Wade in the Water: African American Sacred Music Traditions
Born in slavery and nurtured within the black church, African American sacred music records a people's struggle to survive and the longing to be free. African American sacred music blended a variety of musical forms and performance traditions, including spirituals, ring dancing, hymns, Pentecostal shouting, quartet singing, and gospel. In giving voice to the continued struggle for freedom, sacred music profoundly influenced the development not only of African American communities but also of mainstream
popular culture. Adapted from the Peabody Award-winning, twenty-six-part series of the same name that aired on National Public Radio in 1994, Wade in the Water: African American Sacred Music Traditions offers the first comprehensive overview of the legacy of African American sacred music in exhibition form.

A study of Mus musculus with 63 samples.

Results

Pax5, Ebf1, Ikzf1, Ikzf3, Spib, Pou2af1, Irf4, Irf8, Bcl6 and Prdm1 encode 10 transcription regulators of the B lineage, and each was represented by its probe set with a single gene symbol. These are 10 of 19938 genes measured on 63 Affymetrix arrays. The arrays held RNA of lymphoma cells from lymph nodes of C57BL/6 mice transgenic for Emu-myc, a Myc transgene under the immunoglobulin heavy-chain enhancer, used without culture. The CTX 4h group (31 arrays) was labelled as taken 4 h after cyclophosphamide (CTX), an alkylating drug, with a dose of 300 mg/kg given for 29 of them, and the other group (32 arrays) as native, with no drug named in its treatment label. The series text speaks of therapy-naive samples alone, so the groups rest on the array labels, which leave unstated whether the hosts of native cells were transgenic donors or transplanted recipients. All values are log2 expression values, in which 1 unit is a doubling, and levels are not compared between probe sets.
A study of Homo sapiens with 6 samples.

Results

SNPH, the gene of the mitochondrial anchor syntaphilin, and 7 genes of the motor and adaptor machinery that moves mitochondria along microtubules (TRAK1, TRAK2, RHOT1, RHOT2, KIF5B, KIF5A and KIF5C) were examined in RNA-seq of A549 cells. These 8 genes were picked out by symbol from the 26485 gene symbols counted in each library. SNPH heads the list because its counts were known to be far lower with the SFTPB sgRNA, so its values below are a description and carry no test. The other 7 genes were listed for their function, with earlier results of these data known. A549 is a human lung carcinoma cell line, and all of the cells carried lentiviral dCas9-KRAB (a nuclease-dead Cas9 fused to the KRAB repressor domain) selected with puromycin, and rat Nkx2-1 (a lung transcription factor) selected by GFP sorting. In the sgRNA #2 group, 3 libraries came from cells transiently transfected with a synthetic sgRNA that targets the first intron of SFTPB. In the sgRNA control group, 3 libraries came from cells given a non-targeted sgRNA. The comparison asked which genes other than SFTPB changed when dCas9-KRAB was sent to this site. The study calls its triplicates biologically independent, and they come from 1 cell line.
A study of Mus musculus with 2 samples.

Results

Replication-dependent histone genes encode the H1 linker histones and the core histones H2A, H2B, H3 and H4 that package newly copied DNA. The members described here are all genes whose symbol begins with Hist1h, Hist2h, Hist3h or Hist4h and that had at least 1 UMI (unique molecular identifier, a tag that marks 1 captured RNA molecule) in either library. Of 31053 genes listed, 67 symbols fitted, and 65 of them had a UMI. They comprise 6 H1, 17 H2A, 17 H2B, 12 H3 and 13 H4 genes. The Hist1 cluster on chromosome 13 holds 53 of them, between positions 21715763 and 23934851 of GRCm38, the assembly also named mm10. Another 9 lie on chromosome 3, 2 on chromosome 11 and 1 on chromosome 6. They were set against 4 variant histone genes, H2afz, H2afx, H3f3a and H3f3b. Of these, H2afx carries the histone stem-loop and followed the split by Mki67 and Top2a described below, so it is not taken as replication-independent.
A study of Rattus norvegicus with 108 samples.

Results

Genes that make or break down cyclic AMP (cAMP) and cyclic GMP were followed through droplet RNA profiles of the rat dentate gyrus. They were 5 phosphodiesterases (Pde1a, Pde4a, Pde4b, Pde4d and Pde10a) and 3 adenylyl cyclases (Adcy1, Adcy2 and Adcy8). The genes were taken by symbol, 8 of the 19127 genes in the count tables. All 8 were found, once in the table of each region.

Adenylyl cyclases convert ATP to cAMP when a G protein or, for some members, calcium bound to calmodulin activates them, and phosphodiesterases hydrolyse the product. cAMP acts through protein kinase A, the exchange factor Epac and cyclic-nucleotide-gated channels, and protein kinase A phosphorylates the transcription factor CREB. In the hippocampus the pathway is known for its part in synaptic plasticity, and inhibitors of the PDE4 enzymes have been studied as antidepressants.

Exhibition organizer Bernice Johnson Reagon, a curator emeritus at the National
Museum of American History, is a preeminent historian of African American sacred music, founder of the internationally acclaimed a cappella quintet Sweet Honey In The Rock, a MacArthur Fellow, and the recipient of a 1995 Presidential medal for outstanding contributions to public understanding of the humanities. Bernice Johnson Reagon's book, We'll Understand it Better By and By, is available from Smithsonian Institution Press.
Wade in the Water was made possible through the generous support of Nissan
North America. Additional support has been provided by the National Museum of American, Smithsonian Institution; the Smithsonian Institution Special Exhibition Fund; The Smithsonian Institution Educational Outreach Fund; The Sparrow Foundation; and The Links, Incorporated.
This Smithsonian Institution Traveling Exhibition Service exhibition toured from 1996-2003.